The Car Lovers Guide to Japan! Part One, Non Car Stuff to Do in Tokyo and The Nissan Crossing Part 1

Shibuya has many foot traffic only back alleyways packed with bars, shops and places to eat, many varieties of food and drink are here. The shops are pretty eclectic and you can find just about anything that floats your boat.

Shibuya has a lot of izakaya restaurants which are places that locals go to eat a bunch of tasty small dishes ala carte and drink alcohol.  It’s a fun way to eat a large variety of Japanese food and drink with friends that is fairly inexpensive.

Of course, it would not be Japan if there were no pachinko parlors and there are a lot of them in Shibuya.  Christa had no idea what a pachinko parlor was so I had to take her to one.  I said its sorta like Vegas but kids can do it too.  Personally for myself, I like the Shibuya area to hang out at.

Some public service safety notifications.  Apparently you are happy when you fall to your death by gruesomely getting run over by a train.  I think the drunk salaryman trying to get home might be what this is about.   It’s a reminder to hit the train emergency stop button if you see something like this.  Person vs train accidents are pretty common and they are announced over the PA system.  We heard at least one every day.


  1. Kind of confused by the exhaust situation on that concept car, It clearly has side exhausts, plus a big center exhaust at the back, you said it also has a blown diffuser.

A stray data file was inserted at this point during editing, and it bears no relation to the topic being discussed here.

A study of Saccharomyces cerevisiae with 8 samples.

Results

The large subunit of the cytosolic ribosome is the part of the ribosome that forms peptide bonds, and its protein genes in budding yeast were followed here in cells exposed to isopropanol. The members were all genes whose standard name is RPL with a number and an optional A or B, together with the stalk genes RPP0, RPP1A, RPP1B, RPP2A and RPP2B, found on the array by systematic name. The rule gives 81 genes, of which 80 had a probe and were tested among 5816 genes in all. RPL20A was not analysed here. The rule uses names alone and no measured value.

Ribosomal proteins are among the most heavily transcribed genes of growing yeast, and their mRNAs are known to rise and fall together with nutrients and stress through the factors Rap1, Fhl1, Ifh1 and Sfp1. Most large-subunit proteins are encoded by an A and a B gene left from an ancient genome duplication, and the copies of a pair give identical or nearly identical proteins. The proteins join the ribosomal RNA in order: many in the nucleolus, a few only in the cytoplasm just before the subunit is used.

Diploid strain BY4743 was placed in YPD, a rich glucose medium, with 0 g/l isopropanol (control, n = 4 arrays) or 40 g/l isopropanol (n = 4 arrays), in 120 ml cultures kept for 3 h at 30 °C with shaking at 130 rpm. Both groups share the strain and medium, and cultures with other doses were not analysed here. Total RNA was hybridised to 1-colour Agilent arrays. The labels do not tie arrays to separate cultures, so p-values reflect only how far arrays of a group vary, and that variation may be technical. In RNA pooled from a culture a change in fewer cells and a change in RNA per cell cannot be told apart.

I’m gonna guess that center exhaust at the back is fake, and the “blown diffuser” is the side vortexes from the front exhaust that seal up the diffuser from coanda effect losses.

    If this ever goes to any kind of production they would probably move the side exhausts to that big rear exhaust so that you don’t gas yourself at every stoplight. They could bypass to the sidepipes at higher speeds.

  2. Mike, as a suspension guru, do you have any experience with removing some of the anti-dive geometry a the front to help weight transfer during braking.

    I know it’s not feasible on a low car like that concept car but I know it’s a normal mod for gravel/dirt/snow rally cars.

    Is it a concept that translates to road cars at all or is the grip of a tarmac surface enough that it would negate any gains from that weight transfer.

    1. Thanks, dive and squat are much less talked about than other parts of suspension setup and some cases are still a mystery to me like FWD drag cars.

      Your “Ultimate Guide To Suspension and Handling” was one of the first things I read when I was just starting to work in cars. It mentions dive and squat in that it makes excessive body roll worse “…The driver feels this as a car that is twitchy and unstable at the limit. Dive and squat when combined with roll can make all of these issues worse.”

      Even Herb Adams’s awesome “Chassis Engineering” mentions anti-dive only when talking about how its undesirable for the effect it has on caster. But it does go in depth about anti-squat (those live axle boys sure love anti-squat).

  3. Many years ago I took one of my friends to Manhattan. We planned on eating in China Town (Ajisen ramen the best) But he wanted to go to this mall under the Manhattan bridge.
    Apparently you could get the software to play foreign market DVDs and ps1 games (that’s how long ago it was)
    Well the mall was nice. But in the bottom bottom story of the mall (in a dark corner) they sold things like those figurines. It was a little creepy. But I did find a Star Blazers model. And Gundam figures. So the creepy had a plus.
    I remember he bought about $500 worth of Anime.